Congenital Heart Diseases Market - Industry Value Forecast, Dynamics, growth, potential, segments, market share, Size, online PDF Report, Free Sample Copy, Future projection, Analysis, supply and demand, trends, opportunities, Product types, Regions, current market, worth, overview, Competition Landscape and Dashboard.
Albany, NY -- (SBWIRE) -- 01/16/2018 -- Congenital diseases are disorders in a newborn due to certain genetic factors (and sometimes in association with the environment) that often results in malformations or underdeveloped organs. Congenital Heart Diseases (CHD) results in malformed or undeveloped heart that presents in a newborn with breathing and circulation disorders. According to Lancet medical journal, CHD caused death of 0.22 million individuals and newborns globally in the year 2010. CHD was earlier erroneously associated with premature births, the association has no direct correlation with all forms of CHD and is mainly one of the many factors that can cause it. The genetic factors causing CHD consist of chromosomal errors in fertilization and the following meiotic division, these include: large chromosomal defects in trisomal chromosomes; small chromosomal defects like microdeletion of long/short arm of chromosome and random/environmentally induced mutation of heart muscle cell proteins, or associated proteins etc. The environmental factors like rubella infections, thalidomide drugs, metals (lithium, lead, mercury, etc), chronic illness in the mother (systemic lupus, diabetes, phenylketonuria, etc). Embryological changes, hormonal changes in the mother and certain birth deficiencies can also cause CHD and other birth defects in children. Besides these, according to some medical research reports, maternal obesity increased the chances of CHD in newborns; obesity was shown to increase the risk of previously hidden genetic traits of CHD in the new born children of such obese mothers.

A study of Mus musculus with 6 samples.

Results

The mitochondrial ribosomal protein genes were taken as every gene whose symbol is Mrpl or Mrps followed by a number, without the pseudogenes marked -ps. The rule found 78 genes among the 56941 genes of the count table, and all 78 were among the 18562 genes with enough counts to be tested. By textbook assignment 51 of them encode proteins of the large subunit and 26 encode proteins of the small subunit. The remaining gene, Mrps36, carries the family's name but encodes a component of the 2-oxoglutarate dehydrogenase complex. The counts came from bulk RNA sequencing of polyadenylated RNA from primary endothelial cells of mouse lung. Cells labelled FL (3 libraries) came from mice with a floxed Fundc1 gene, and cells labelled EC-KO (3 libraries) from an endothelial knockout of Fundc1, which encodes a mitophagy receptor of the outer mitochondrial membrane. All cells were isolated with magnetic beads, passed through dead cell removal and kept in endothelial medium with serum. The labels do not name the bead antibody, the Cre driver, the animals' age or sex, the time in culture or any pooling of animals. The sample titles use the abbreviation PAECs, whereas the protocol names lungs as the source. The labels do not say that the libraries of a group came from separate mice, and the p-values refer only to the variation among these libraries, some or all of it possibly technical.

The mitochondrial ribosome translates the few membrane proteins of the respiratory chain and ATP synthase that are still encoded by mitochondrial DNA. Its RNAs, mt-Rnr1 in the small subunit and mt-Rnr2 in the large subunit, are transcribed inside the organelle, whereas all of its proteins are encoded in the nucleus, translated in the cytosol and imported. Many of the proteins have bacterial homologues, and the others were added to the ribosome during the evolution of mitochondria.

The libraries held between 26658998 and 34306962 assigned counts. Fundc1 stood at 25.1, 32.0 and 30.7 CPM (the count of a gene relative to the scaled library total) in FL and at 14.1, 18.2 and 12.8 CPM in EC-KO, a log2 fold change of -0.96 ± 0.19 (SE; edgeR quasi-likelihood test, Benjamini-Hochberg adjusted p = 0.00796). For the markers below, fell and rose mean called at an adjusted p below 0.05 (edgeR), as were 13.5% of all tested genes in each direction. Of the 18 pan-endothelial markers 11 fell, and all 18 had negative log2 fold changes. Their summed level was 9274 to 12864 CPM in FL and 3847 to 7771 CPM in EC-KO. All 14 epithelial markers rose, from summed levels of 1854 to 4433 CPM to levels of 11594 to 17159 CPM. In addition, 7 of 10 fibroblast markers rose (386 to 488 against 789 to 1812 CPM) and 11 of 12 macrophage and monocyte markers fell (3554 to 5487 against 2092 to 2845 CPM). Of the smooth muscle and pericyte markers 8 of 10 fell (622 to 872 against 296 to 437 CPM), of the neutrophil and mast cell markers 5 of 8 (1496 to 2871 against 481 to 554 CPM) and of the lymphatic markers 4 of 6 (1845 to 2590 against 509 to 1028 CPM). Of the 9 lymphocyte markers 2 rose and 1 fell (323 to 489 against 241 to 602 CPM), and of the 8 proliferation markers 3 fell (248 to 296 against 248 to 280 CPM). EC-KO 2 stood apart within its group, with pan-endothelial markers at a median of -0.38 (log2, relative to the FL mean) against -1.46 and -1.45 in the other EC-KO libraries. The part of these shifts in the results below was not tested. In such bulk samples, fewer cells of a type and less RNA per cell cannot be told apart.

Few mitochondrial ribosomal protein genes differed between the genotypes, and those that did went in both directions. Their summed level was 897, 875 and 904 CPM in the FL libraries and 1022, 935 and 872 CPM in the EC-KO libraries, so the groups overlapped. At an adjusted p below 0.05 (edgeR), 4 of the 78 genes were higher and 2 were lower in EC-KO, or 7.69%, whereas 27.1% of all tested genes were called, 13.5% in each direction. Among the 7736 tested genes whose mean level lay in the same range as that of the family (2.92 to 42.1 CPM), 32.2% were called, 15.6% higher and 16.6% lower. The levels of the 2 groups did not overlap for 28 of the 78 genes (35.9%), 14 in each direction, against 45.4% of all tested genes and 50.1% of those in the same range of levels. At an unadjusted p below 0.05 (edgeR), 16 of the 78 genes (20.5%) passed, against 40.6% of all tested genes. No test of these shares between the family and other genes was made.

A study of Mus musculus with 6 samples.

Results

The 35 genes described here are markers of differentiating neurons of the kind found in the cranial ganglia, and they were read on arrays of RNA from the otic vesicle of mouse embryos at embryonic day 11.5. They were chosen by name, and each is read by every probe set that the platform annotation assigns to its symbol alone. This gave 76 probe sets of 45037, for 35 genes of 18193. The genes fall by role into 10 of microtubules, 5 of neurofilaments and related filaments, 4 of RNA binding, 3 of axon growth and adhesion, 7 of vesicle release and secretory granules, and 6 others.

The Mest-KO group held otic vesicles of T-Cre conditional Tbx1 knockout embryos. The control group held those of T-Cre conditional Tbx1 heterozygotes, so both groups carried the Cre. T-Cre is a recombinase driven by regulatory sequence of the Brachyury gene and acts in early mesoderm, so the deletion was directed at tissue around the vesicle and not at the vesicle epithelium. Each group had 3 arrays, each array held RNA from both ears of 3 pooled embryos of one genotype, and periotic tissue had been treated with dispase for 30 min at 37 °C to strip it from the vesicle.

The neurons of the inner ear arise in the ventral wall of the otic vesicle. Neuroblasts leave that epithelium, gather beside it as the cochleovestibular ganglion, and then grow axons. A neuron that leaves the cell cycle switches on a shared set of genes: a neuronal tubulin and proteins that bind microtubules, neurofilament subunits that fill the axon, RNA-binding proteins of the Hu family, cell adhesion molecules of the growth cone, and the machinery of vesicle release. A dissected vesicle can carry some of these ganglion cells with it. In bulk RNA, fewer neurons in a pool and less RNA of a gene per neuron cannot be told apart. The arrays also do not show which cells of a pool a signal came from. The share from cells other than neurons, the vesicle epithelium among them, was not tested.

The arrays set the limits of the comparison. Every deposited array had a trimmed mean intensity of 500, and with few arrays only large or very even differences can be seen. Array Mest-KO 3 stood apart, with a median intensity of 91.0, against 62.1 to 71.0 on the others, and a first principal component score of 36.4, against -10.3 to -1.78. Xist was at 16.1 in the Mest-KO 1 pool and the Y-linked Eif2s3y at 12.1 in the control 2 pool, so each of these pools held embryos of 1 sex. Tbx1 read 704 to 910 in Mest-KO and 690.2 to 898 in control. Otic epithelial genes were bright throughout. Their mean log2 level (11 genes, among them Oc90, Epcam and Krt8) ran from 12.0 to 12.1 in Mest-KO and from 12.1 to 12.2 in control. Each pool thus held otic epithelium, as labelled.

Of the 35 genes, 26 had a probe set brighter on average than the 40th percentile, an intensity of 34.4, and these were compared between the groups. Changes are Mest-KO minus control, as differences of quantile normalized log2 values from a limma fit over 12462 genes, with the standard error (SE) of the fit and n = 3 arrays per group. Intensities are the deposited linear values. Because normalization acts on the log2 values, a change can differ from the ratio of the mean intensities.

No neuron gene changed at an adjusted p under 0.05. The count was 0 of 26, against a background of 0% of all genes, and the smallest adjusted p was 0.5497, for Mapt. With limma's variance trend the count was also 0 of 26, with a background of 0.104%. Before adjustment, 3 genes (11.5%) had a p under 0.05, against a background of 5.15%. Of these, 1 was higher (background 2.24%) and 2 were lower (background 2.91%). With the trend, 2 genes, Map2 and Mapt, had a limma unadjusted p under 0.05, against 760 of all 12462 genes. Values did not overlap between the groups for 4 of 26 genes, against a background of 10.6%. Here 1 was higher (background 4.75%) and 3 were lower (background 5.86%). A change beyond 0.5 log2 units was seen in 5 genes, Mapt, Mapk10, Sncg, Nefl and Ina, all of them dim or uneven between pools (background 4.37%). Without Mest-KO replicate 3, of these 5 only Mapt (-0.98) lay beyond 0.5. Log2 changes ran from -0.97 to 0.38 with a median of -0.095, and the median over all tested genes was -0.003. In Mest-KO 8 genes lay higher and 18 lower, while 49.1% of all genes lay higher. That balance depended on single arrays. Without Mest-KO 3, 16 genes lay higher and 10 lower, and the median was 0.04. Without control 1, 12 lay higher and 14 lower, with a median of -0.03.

The treatment of CHD varies from case to case; genetic testing/screening is mandatory in case the doctor suspects a genetic cause for the disease, in developed countries this is done for all newborns. The next step would be surgery or drug treatment, again this depends upon the severity of the condition. In most cases CHD presents itself as serious conditions with high risk of complications, hence surgery is the most followed procedure. In certain disorders like ASD a pediatric surgeon may ask the parents of a CHD child to wait for the child's growth as ASD is known to disappear gradually, a surgery is performed if ASD persists after the child's growth. Certain cases also require multiple surgeries and stenting in order to restore a malformed tract in the lungs, etc. Drugs like diuretics are given to regulate vasoconstriction that alleviates deoxygenation and helps remove toxins from the body, besides reducing the heartbeat.
CHD is commonly reported through the world and is known to affect one in 5000 newborn births. Treatment and surgeries are done in large numbers in both developed and developing countries. At present the market is largest in the North American, Asia-Pacific and European region because these regions together form the most populated yet urbanized region in the world. Asia-pacific region leads the global market at present and is expected to maintain its position in the near future.